Fitz and the Fool #1. Author: Robin Hobb.
Tom Badgerlock has been living peaceably in the manor house at Withywoods with his beloved wife Molly these many years, the estate a reward to his family for loyal service to the crown.
But behind the facade of respectable middle-age lies a turbulent and violent past. For Tom Badgerlock is actually FitzChivalry Farseer, bastard scion of the Farseer line, convicted user of Beast-magic, and assassin. A man who has risked much for his king and lost more…
On a shelf in his den sits a triptych carved in memory stone of a man, a wolf and a fool. Once, these three were inseparable friends: Fitz, Nighteyes and the Fool. But one is long dead, and one long-missing.
Then one Winterfest night a messenger arrives to seek out Fitz, but mysteriously disappears, leaving nothing but a blood-trail. What was the message? Who was the sender? And what has happened to the messenger?
Suddenly Fitz’s violent old life erupts into the peace of his new world, and nothing and no one is safe. (Published summary.)
Unfortunately, my experience of this book was severely impacted by a misunderstanding + lack. I thought this was an independent series; however, the entire series is in sequel to a series Hobb previously wrote, and this turned out to be important. Also, my library didn’t have the previous series. So there was a lot of fascinating world-building hinted at, and there were very three-dimensional characters, and Hobb’s characteristic different points of view. Everything was great. But I could tell I was reading a sequel, and it really threw the book off. So many incidents referenced, but not explained; so many references to previous friendships and relationships that would explain everything. So really, my reading experience was my own fault, and it was still a very good read.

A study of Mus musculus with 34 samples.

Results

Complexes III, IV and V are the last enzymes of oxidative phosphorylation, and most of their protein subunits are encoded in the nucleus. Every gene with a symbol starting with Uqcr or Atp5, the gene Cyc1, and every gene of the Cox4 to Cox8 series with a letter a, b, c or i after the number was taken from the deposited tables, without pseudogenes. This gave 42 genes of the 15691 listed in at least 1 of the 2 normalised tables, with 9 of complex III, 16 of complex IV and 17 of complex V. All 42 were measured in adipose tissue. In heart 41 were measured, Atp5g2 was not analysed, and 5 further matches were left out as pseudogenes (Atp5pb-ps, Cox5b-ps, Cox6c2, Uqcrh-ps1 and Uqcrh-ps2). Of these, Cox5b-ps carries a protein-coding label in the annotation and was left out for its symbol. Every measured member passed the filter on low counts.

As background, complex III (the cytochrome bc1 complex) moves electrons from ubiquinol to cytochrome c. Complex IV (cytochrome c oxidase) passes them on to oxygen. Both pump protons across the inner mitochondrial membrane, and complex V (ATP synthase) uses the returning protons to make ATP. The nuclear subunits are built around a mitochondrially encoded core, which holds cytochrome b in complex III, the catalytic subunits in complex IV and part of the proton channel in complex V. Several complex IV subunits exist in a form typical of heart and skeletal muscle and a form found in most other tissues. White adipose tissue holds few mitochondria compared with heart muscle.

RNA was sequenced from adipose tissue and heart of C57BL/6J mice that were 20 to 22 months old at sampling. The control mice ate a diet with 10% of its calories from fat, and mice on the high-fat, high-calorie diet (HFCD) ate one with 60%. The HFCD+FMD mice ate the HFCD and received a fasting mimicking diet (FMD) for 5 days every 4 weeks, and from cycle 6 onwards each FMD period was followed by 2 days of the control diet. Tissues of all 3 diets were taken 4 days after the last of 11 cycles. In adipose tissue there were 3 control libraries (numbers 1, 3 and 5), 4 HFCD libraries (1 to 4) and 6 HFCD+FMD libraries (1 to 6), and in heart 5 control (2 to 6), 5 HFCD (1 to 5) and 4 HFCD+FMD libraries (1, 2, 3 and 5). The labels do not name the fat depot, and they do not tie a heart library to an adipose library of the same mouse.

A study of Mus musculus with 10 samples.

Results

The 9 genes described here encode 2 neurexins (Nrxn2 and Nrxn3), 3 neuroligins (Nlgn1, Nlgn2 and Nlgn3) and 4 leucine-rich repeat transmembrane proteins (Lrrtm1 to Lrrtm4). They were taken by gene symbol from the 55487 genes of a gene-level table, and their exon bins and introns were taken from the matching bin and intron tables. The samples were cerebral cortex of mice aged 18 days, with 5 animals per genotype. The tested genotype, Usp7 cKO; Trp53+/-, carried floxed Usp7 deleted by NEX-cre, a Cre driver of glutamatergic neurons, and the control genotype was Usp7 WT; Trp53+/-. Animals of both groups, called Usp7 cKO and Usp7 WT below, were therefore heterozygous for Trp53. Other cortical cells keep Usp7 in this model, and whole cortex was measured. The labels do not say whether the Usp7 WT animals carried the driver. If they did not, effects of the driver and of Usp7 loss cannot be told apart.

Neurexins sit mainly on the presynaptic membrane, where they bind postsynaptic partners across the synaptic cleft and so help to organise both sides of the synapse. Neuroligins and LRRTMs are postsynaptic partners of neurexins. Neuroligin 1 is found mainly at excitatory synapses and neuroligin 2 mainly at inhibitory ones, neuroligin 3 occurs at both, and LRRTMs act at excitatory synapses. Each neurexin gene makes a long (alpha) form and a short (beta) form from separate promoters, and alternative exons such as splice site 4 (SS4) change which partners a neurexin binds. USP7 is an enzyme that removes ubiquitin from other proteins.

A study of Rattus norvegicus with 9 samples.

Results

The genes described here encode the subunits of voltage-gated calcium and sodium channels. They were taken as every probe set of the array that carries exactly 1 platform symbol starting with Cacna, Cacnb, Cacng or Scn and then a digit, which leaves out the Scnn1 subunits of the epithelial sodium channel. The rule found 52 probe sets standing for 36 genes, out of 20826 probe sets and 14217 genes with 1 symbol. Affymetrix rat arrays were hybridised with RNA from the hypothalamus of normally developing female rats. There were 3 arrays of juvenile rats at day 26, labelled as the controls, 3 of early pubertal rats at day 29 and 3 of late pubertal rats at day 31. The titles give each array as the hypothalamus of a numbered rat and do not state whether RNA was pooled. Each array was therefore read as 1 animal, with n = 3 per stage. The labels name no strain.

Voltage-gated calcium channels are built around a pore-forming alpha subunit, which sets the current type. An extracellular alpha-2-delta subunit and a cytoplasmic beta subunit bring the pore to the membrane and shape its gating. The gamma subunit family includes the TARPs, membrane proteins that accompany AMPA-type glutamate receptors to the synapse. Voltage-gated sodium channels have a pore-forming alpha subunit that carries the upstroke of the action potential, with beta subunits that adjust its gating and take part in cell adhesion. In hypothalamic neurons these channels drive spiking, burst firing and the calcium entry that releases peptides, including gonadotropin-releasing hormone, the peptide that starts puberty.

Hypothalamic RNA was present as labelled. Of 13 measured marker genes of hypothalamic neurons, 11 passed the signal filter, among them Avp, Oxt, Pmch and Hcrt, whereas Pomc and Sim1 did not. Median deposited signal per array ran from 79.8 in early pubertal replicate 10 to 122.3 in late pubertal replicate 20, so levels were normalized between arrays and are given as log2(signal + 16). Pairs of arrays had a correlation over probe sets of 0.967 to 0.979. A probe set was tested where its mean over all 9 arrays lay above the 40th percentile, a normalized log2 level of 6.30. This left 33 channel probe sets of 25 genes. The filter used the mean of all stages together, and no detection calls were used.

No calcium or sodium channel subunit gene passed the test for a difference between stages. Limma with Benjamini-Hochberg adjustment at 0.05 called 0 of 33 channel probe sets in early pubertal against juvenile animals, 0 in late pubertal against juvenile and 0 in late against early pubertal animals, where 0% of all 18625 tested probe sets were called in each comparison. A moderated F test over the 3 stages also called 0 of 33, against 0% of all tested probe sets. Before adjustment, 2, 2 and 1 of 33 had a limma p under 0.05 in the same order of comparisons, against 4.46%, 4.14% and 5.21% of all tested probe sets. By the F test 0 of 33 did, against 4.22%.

Sexual content: Man and wife returning to bedroom because the woman feels sick, she says to her husband that she “planned on seducing you” but tonight will “do no more in the bed than sleep beside you”. “At least two of the housemaids were willing for luck, fancy, or perhaps some coin to sleep in beds not their own.” Man wonders if an oddly forward girl in a tavern is a whore. Man and wife make love together, with the description fairly glossed over. This happens twice.
Language: 29 derogatory terms, 4 d***
Violence: Characters find blood on the floor. Man feels the pain of a girl being murdered, although he does not witness it. Boy slaps a girl hard, and she bites her tongue. Young children chase another child, throwing stones. Character finds a wounded girl near death. The girl is quite certainly doomed, and he mercy-kills her by strangling. Second hand report of a boy being ambushed and badly beaten. One man is killing an old dog bit by bit for show: another steps in, breaks the first man’s nose with a punch, and cuts the dog’s throat to mercifully finish it. Character stabs a man.